Dhyana, the seventh limb of yoga, is a state of keen awareness without judgment or attachment, and is akin to the “flow state” experienced by artists and performers. The practice of yoga offers a return to this state through the art of mindfulness.
All through school, I was an accomplished pianist, performing and earning awards. I heard often about the talent others saw in my work, but I knew that the flow I achieved on stage had more to do with the hours I had put in when no one was looking.
According to Mihaly Csikszentmihalyi, one of the key factors which contributes to a state of flow is achieving a balance between two aspects of performance: degree of challenge and level of skill.
Just as a high-performance athlete does strength training, or a swimmer builds their core, a pianist must strengthen their fingers, arms and back through disciplined posture and hours of drills. Having this foundation in place, my fingers knew what to do when it came time for recital.
When I inevitably stumbled across the keys at certain times, it was the shadow passages, those I hadn’t spent as much time on, which struck fear into me. Those were the sequences which required demanding stretches and key transitions–the ones I had avoided during practice.
Later, I came to learn that it was the fear of being afraid on stage which caused me to stumble. I was afraid of stagefright. Take that interference of the brain away, however, and miracles happen. The pianist’s fingers know what to do. All that is required is pure, focused attention.
In a chaotic and noisy world, quieting the monkey mind can seem impossible.
How do we acquire the skill of mindfulness, which can support us when we need it most? As with any skill that can become a work of art, we start small and do the work. Our knowledge is mostly procedural to begin with: reminders to be present, exercises and breathing techniques, useful mantras that are meaningful. No matter when or for how long, every moment of mindful attention or minute of meditation is well and truly banked for later.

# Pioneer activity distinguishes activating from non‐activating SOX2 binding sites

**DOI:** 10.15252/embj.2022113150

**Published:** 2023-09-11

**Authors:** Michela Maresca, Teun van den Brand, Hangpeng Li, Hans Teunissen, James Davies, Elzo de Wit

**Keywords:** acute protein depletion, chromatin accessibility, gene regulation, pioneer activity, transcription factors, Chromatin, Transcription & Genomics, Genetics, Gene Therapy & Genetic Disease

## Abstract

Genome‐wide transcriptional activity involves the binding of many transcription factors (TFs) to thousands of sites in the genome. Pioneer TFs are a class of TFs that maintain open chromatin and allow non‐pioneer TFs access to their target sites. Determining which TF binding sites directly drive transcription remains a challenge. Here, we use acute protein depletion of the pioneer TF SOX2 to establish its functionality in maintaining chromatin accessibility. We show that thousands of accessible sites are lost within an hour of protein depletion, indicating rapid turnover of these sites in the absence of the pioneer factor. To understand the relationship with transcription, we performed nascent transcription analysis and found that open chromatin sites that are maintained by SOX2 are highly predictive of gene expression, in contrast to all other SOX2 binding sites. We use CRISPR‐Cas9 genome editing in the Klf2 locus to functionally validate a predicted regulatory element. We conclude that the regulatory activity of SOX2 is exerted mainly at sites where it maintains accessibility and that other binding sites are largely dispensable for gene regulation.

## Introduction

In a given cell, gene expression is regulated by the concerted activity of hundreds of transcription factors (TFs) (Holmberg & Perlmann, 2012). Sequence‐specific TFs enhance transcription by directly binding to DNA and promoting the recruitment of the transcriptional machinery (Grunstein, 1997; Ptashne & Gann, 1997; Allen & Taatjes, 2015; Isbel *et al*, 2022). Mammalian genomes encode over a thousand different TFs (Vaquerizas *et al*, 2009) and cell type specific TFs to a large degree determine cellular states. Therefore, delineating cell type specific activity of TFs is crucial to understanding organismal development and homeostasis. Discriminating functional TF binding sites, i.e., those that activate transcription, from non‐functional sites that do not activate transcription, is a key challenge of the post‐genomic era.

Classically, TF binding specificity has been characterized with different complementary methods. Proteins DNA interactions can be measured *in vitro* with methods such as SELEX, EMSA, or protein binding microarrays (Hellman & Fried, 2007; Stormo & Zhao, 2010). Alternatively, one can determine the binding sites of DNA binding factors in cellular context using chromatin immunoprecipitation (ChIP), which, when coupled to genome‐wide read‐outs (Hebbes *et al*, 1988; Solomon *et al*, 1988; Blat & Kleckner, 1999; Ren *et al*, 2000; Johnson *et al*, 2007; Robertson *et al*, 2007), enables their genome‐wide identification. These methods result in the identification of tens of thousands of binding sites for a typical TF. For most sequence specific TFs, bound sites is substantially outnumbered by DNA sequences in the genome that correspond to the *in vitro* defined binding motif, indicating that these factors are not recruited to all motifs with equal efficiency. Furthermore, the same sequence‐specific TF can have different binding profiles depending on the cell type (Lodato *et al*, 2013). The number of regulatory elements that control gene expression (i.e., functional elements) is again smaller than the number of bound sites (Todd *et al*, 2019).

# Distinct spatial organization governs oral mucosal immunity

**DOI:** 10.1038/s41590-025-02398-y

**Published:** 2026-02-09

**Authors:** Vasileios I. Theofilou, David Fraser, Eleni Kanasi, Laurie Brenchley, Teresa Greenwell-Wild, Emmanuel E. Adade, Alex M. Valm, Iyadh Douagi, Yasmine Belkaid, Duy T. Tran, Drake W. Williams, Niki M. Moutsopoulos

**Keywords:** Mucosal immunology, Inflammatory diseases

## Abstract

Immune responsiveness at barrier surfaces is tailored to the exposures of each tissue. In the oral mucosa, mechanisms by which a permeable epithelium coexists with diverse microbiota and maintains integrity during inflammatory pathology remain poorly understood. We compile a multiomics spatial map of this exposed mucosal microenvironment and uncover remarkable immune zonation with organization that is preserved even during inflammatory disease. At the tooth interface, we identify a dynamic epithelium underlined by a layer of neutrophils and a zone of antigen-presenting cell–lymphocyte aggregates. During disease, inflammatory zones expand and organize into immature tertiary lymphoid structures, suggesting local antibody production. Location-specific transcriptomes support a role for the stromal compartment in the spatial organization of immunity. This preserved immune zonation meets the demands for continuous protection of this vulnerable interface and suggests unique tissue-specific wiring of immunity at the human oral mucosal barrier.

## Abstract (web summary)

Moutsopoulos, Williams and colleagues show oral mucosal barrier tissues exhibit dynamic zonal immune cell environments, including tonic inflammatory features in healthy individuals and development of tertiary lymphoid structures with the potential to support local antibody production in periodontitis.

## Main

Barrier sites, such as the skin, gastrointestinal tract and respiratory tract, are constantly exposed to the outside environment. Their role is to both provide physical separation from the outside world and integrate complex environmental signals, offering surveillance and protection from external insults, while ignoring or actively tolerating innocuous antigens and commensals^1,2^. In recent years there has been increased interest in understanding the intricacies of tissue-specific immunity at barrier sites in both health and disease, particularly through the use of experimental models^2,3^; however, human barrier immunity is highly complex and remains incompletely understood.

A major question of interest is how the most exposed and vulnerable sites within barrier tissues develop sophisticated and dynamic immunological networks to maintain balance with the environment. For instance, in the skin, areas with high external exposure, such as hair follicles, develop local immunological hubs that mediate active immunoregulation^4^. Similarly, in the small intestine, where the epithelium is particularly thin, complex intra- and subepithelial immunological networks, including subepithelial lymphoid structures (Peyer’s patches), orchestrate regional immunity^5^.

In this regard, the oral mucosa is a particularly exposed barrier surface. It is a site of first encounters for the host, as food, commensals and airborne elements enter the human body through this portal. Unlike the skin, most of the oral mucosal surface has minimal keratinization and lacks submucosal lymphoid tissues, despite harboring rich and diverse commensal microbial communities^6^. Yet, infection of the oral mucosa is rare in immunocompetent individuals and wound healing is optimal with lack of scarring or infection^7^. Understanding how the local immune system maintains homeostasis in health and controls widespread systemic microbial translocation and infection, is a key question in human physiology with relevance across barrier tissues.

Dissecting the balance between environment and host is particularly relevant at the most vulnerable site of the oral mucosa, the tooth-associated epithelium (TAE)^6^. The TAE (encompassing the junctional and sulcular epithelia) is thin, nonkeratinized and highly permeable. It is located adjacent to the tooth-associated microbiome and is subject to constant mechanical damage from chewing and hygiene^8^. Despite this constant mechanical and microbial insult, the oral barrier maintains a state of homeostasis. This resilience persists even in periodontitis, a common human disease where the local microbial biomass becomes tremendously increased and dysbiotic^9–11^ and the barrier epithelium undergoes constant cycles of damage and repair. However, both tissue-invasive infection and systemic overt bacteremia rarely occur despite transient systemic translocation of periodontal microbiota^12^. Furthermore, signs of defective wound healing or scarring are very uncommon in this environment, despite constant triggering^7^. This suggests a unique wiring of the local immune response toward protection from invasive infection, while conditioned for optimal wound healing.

As fingers remember musical scales, your mind remembers conscious attention. New neural pathways begin to form.
Mindfulness on its own can be a solitary endeavor, and a yoga practice is the most manageable and enjoyable way to begin a powerful mindfulness practice while being with others of like intention. A good teacher is a prerequisite to committing to a practice long term. We need a teacher whose wisdom and experience can guide us back into the room when our minds wander, help us attend to discomfort in our bodies, encourage us to stretch a little beyond where we think our limits are, and provide a space to be present with ourselves before we once again return to the work of coping with a modern world.
Mindfulness as a flow state happens when challenge meets skill, when the work you’ve done becomes something you can stand on when your world tilts.
There is nothing more powerful than watching something unfold in front of you which–months before–would have made you fearful or angry and, in that powerful present moment, knowing exactly and completely what is required. This is what it means to move, slowly and deliberately, from being reactive to being responsive.
The fruit of our conscious, compassionate and present attention is forgiveness, allowance and tolerance. More than that, as these moments start to occur more often, an understanding begins to dawn that this ‘self’ which we walk around in is more capable than we imagined.
If peace is what I wish for the world, then that is what I must become.
About the Author:
Bel Austin is a business analyst, writer, mindfulness mentor and mother who is devoted to guiding others from trauma and conflict to peace and inspired action both in the workplace and in the home.